Booze Clues: The Integration of Technology into the College Social Scene to Promote Responsible Drinking
Alcohol is prevalent in the social lives of many college students; however, my research suggests the current education efforts to promote responsible drinking are failing. Binge drinking remains synonymous to college, people continue to practice irresponsible drinking behaviors, and students remain uninformed about alcohol and its effects. Booze Clues is an integration of a wearable device and mobile application. The integration of this technology into people’s social lives can educate users on the consequences of their alcohol consumption in real-time. Booze Clues will not only present the user’s current blood alcohol concentration reading as detected by a wearable device; it will also be an educational tool to inform people about blood alcohol concentration and alcohol’s impact on the body and mind.
Designing Social Media to Better Respect the Boundaries of Third Culture Users
This thesis examines the ways in which the current design of our social media platforms disrespects the social boundaries of its third-culture users. Third culture users (TCUs) are people who are raised in a culture other than their parents’ (Useem). I explored the social boundaries that TCUs created on and offline through semi-structured interviews, a design exploration, and a follow-up focus group. I conclude by suggesting three design solutions including (1) adding small group features, (2) allowing users more control of their notifications, and (3) mimicking the values of TCU’s offline communities.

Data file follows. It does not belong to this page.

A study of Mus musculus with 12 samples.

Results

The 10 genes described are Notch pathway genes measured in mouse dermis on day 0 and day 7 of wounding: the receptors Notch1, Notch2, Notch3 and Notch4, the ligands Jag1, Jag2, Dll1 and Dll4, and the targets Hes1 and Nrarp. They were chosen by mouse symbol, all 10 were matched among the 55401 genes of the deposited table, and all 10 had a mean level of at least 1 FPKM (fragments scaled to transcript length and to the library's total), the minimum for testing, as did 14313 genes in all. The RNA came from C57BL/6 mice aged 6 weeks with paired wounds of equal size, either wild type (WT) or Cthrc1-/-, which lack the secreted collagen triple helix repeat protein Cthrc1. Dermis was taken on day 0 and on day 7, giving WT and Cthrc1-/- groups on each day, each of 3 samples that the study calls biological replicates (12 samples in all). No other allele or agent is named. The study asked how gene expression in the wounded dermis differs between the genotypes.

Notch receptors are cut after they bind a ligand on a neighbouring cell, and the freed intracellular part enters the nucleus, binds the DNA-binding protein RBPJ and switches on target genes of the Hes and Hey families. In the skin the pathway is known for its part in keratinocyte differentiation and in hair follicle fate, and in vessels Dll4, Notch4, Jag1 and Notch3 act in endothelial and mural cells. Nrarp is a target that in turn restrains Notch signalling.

“Want To Be Master of Your Time?” A Field Study of Physical Interactive Interfaces Influencing Reflection on Time Management
This thesis investigates how physical interfaces affect the practice of reflection to effectively support time management for information workers. Information workers are individuals who work with information instead of physical objects. I explored the relationship between the representation of time and self-reflection. I applied software log data, survey instruments, and interviews, to compare the behavior using existing time management tools with the behavior using tangible time management tools. My results are suggestive of a hypothesis that tangible interfaces with the use of temporal design aspects (e.g., past and future representations) have a positive influence on supporting time management behavior.
Understanding Parametric Modeling as a Novice: A First-Person Perspective
This thesis investigates how to foster a foundational understanding of parametric design systems, which function as the underlying framework of design software and various digital fabrication technologies. This research is based on the foundations of autobiographical design. I investigated the capabilities of Mcor Iris 360 3D printer and laser cutting as rapid prototyping technologies. In doing so, I explored the opportunities and challenges faced as a beginner while learning parametric design, and fabrication technologies. The findings from the exploration were then used to develop a workshop framework aimed to facilitate an engaging and interactive learning experience for novices in design, like myself.